By Alan Prendergast
By Michael Roberts
By Michael Roberts
By Amber Taufen
By Patricia Calhoun
By William Breathes
By Michael Roberts
By Melanie Asmar
The decisions of a Denver Probate Court judge that deprived 83-year-old Letty Milstein of her rights and her money were slapped down late last week by the Colorado Court of Appeals.
The case of Letty Milstein, mother of Denver socialite Judi Wolf, was sent back to the probate court by the appellate court. One of Letty's attorneys, Cris Campbell, says he will seek the return of more than a half-million dollars taken from his client's estate by what Campbell calls "that incestuous little group of lawyers, conservators and guardians down at the probate court."
Although the Court of Appeals decision does not name or criticize Probate Judge C. Jean Stewart directly, it describes--and reverses--error after error in her handling of the case ("Mommy Dearest," May 22, 1997). "It was a grand slam for Letty," says Walter Sargent, the attorney for Letty's son, John Milstein, and an appellate law expert. "The decision was restrained in tone but firm on every point raised about the trial judge. It was very critical."
Most important, the decision affirmed that Letty--and for that matter, any allegedly incapacitated person--has the right under Colorado law to be represented by counsel and to attend all legal proceedings in person. Stewart had denied Letty both in May 1997 following a secret visit to her home in which the judge interviewed Letty "in lieu of her testimony." At a hearing a few days later, Stewart appointed a permanent guardian and conservator to take over Letty's life and finances ("To Grandmother's House We Go," June 12, 1997).
Before that hearing, Stewart issued an order stating that Letty could not attend. She also decided that the elderly woman lacked the mental capacity to hire legal counsel when Campbell (who had been retained by Letty earlier that month) and another lawyer named Drew Petrie tried to intercede at the hearing on her behalf. The judge demanded that the two attorneys, probate court watchdogs and a reporter for Westword leave the courtroom before proceeding. She then officially declared Letty incapacitated and gave professional guardian Patricia Ayers control of Letty's affairs.
The justices for the Court of Appeals noted that there is no provision in the law for a judge to conduct an interview in lieu of testimony outside the courtroom, "without the procedural safeguards of a hearing." The justices also knocked Stewart's having declared that Letty was incapacitated before the hearing regarding Letty's mental and physical status could even be held.
Letty's misfortunes began in April 1996, when Judi Wolf petitioned Stewart to have a guardian and conservator appointed to take over Letty's life and finances. At an "emergency" hearing, Stewart agreed and appointed social worker Gordon Wolfe (no relation to Judi Wolf) as temporary guardian and Norwest Bank as conservator. The judge made those appointments despite the protestations of Letty's lawyer at the time, Bob Horen.
For the rest of that year, Horen fought the increasing restrictions on Letty, including a restraining order preventing her from seeing her son, John, and the decimation of her estate by a revolving door of guardians and lawyers. Among the guardians was attorney Michael Dice, who was recently sentenced to eight years in prison for stealing from other defenseless clients.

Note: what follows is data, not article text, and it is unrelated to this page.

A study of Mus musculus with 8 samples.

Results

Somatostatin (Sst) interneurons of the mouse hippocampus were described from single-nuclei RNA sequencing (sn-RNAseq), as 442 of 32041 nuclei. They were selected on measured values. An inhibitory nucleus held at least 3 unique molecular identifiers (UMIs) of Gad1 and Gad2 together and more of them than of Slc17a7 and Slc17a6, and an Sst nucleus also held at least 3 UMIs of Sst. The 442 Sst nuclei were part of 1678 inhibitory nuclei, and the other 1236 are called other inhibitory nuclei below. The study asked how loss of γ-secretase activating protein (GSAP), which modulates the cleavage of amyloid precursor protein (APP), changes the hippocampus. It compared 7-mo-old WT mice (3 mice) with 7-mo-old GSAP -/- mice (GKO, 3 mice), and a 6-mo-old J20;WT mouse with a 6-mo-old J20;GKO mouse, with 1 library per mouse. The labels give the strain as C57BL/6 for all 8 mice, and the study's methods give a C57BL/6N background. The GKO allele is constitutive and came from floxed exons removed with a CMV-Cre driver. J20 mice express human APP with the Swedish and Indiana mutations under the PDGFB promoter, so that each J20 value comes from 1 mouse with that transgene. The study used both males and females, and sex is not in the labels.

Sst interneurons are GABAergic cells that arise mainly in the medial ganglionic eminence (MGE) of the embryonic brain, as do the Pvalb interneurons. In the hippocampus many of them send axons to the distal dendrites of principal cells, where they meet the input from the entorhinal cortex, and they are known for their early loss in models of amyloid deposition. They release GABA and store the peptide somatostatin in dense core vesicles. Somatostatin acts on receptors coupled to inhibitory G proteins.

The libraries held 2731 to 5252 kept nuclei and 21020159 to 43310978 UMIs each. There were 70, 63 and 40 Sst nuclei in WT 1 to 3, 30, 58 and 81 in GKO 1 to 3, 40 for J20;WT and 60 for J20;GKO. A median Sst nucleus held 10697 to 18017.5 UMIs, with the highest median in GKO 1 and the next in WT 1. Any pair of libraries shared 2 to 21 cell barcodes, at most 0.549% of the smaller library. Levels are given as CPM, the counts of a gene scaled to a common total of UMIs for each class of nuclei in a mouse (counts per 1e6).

In January 1997, Horen was troubled by Letty's mental deterioration, which he and others attributed to the stress of the court-ordered restrictions. He asked Stewart for guidance. Instead, the judge dismissed him and appointed guardian ad litem Elizabeth Paul "in lieu of legal counsel." The judge later contended that Horen had resigned, a claim he denied.
Noting that a guardian ad litem is not a substitute for a personal attorney, who advocates on behalf of his client, the Court of Appeals justices said Stewart erred in dismissing Horen. The court further noted that Stewart's contentions that Horen had resigned "are not supported by the record."
It wasn't the only place in the decision where the justices seemed to be wondering what Stewart had based her decisions on. "We cannot determine from the hearing orders whether the probate court based its findings upon clear and convincing evidence," the appellate ruling stated, "and there is additional confusion because the court's May 29, 1997, order refers to previous findings and rulings. Yet the record is devoid of any such prior findings or rulings."
The Court of Appeals determined that all decisions made by Stewart after Horen's forced exit from the case on January 17, 1997--including her approval of payments made to the guardians, attorneys, psychiatrists, social workers and the conservator, Norwest Bank--be set aside. The probate court must hold another permanent hearing and was told by the Court of Appeals to look again at the expenditures approved by Stewart.
"The probate court shall conduct a hearing as soon as practicable and reconsider all such court orders authorizing any expenditures after January 17, 1997," the justices wrote. "To the extent the estate has already paid such court-ordered fees and costs...we further direct the probate court ...to determine whether all or part of such fees and costs should be disgorged."
The appellate court's decision was also unusual in that the justices ordered Elizabeth Paul and Ayers's attorney, Bernard A. Poskus, to pay fees and court costs to Campbell and Petrie, who have worked on the case for free, for what the justices described as a "frivolous" attempt to have Campbell and Petrie's petition to the appellate court dismissed. And for once, Ayers, Poskus and Paul will not be able to charge Letty's estate for the expense.